I know. It’s Monday. And we should be celebrating with a Mondate, but my guy got involved with a project and so it was that I went on a solo expedition–ever in search of nature’s treasures.
A fresh coating of snow decorated the world.
A quick stop at the vernal pool and I mentally noted the changes of the past two weeks from slush to ice to snow. According to temperature predictions for the middle of this week, I’ve a feeling it will cycle back to slush mighty soon.
A visit to a second vernal pool shows the transition all in one. With this one, however, I couldn’t help but think about how low the water level is and what this winter’s lack of snow will mean to the land, the critters and us. That being said, I hope it doesn’t rain all summer.
Someone asked me the other day if I go out with a topic in mind. Hardly ever, but today I did go in search of hairy things like this willow twig adorned with buds. Plant hairs, I’ve recently learned, are called trichomes. And what purpose do they serve? Well, for starters, they aid the plant in the absorption of water and minerals. But they do more, like reflecting radiation, lowering temperature when it’s hot and keeping the plant warm when it’s cold outside. Though they also provide defense against insects, I have to wonder if some insects find them to be an invitation.
It’s a very hairy world out there.
Not all hair is created equal. It ranges from short and fine to . . .
rather stiff and irritating.
It can be so fine, that you hardly notice it, like the hair on the beech leaf’s petiole or stem. While it’s not so evident on the bud scales, in about two months as new beech leaves unfold, pay attention. They are incredibly hairy. But, over the course of the summer continue to watch, because it seems to me that the insects are not deterred by the hairiness–beech leaves take a beating.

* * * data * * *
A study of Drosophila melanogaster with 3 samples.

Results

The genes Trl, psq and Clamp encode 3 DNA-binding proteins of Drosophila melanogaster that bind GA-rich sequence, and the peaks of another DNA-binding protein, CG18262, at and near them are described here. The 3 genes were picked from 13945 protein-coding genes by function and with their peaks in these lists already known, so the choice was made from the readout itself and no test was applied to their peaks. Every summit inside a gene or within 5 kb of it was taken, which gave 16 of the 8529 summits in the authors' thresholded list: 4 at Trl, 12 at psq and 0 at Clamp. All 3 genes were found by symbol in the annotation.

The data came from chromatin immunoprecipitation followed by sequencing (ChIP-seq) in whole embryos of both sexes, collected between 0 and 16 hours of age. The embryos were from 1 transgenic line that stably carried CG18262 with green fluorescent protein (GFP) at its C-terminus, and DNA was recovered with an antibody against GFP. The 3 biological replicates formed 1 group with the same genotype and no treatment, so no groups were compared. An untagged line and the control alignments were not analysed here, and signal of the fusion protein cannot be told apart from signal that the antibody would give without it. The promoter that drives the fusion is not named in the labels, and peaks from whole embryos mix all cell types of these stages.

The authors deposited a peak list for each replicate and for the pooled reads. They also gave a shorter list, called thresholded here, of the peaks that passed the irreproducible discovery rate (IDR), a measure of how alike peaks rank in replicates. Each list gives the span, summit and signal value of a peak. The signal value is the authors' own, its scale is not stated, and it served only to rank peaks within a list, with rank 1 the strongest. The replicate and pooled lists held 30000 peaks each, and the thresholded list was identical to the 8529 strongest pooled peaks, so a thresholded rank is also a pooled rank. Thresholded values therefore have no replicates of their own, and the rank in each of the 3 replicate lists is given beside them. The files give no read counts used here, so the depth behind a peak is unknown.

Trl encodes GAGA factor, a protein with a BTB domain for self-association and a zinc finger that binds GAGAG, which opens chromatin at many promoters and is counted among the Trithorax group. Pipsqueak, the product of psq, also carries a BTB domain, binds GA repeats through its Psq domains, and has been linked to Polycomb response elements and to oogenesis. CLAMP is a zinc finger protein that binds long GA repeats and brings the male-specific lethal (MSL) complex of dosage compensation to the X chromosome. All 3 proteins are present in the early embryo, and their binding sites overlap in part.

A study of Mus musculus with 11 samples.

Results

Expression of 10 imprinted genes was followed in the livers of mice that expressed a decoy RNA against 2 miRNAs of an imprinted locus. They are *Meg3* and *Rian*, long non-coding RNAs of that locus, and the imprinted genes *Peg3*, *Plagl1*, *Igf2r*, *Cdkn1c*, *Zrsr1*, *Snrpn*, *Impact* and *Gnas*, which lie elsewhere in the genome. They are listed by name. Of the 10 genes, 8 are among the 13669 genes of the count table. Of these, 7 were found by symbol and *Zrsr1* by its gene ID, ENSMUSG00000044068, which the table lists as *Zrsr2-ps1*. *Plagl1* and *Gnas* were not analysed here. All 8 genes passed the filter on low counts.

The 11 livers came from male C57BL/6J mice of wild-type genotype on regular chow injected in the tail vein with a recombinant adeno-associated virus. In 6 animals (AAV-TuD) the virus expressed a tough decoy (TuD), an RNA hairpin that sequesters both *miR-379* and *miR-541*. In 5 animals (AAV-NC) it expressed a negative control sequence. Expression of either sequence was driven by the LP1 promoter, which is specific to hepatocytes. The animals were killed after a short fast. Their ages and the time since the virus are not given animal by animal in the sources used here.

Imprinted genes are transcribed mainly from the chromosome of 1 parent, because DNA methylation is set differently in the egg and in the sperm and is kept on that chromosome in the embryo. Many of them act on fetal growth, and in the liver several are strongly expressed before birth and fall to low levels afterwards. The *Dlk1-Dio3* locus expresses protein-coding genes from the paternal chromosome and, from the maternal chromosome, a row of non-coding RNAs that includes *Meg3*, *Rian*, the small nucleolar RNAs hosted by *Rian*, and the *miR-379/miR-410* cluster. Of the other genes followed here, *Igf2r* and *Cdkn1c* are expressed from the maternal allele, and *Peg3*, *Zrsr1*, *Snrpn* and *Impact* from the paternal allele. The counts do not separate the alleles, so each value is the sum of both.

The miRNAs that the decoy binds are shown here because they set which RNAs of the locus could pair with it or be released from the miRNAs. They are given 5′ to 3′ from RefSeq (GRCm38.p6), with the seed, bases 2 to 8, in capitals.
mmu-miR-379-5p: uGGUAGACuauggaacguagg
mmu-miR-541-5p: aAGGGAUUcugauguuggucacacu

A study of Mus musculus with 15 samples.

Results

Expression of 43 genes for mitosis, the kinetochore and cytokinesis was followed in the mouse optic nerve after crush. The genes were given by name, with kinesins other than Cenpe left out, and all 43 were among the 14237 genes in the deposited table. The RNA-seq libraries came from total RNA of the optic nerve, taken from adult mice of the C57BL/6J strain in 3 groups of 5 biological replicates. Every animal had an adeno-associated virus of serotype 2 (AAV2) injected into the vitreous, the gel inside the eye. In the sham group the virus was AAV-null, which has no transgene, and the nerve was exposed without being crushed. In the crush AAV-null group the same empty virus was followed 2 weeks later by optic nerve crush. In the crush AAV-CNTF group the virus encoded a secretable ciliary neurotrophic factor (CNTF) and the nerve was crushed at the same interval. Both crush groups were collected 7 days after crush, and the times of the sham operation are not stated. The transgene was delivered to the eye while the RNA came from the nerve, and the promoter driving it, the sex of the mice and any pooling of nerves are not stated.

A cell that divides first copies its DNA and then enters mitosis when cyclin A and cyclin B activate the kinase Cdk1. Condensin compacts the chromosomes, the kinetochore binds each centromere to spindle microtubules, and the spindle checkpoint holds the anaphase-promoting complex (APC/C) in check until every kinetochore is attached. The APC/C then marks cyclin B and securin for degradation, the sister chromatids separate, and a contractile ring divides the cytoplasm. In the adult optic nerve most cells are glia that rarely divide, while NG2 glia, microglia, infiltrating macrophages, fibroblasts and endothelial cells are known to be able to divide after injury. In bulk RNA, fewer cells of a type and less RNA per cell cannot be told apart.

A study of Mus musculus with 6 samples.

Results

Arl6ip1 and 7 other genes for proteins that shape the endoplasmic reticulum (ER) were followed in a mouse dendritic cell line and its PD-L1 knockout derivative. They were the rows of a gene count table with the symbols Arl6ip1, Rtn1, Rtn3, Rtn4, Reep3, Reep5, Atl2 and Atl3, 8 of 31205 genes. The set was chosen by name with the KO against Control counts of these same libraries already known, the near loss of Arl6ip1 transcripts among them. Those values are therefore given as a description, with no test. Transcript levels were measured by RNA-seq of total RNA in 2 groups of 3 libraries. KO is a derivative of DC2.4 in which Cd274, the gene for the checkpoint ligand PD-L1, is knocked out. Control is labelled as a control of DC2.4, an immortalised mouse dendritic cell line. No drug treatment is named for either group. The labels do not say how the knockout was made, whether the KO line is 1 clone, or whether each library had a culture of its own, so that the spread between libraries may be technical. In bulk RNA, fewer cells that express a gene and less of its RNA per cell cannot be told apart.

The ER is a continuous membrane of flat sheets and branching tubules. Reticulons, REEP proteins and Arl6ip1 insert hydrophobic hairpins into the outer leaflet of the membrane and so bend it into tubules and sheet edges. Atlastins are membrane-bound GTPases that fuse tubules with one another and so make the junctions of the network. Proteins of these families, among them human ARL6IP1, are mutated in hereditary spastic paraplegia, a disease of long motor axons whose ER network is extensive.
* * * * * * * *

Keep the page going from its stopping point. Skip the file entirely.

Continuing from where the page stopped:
Another purveyor of fine hair–the witch hazel flower bracts showing off their fuzzy edges and tips (and subtle colors).
And don’t forget to notice their leaves–still attached to many trees. The wavy rim and salmony bronze color catches my eye.
But today, I realized that along the veins on the back side and that wavy edge, teeny, tiny hairs are almost invisible.
Sweetfern is not to be ignored.
The asters and goldenrods feature another type of hair–used as a parachute to disperse new life far and wide.
Sometimes, the hair is hidden inside, to be sent off when the time is right. In the end, just a woody pod remains.
But . . . being me, it wasn’t just hair that was transfixing. The color and texture of British soldiers enhanced by the melting snow were a sight worth beholding.
And there was what I think is a false tinder conk growing on a hemlock. I couldn’t help but imagine an ice cream sundae, complete with hot fudge sauce. And check out the pattern of the pore surface on the underside.
I revisited some old friends, including this bald-faced hornet nest. There’s not much left of it now, but still it exudes beauty.
And finally the seeds of a striped maple that cling still. With a bit of imagination, you might see a winged insect in this arrangement.
As I stood near an opening in the woodland, three crows squawked continuously. I paused and watched as they circled about, moved off and returned. My telephoto lens was ready to capture the subject of their discontent. About five minutes later, they were joined by two others, and then two others and eventually a murder of at least a dozen crows. The group circled one more time and then headed off, I know not where. But that was my turning around point–perhaps they were regrouping and heading home for the day. I needed to do the same. My guy had said he’d send the troops out looking for me if I didn’t return in two hours. Then we both chuckled because we knew that was an impossibility.
Three hours later, I arrived home filled with a treasure trove of finds.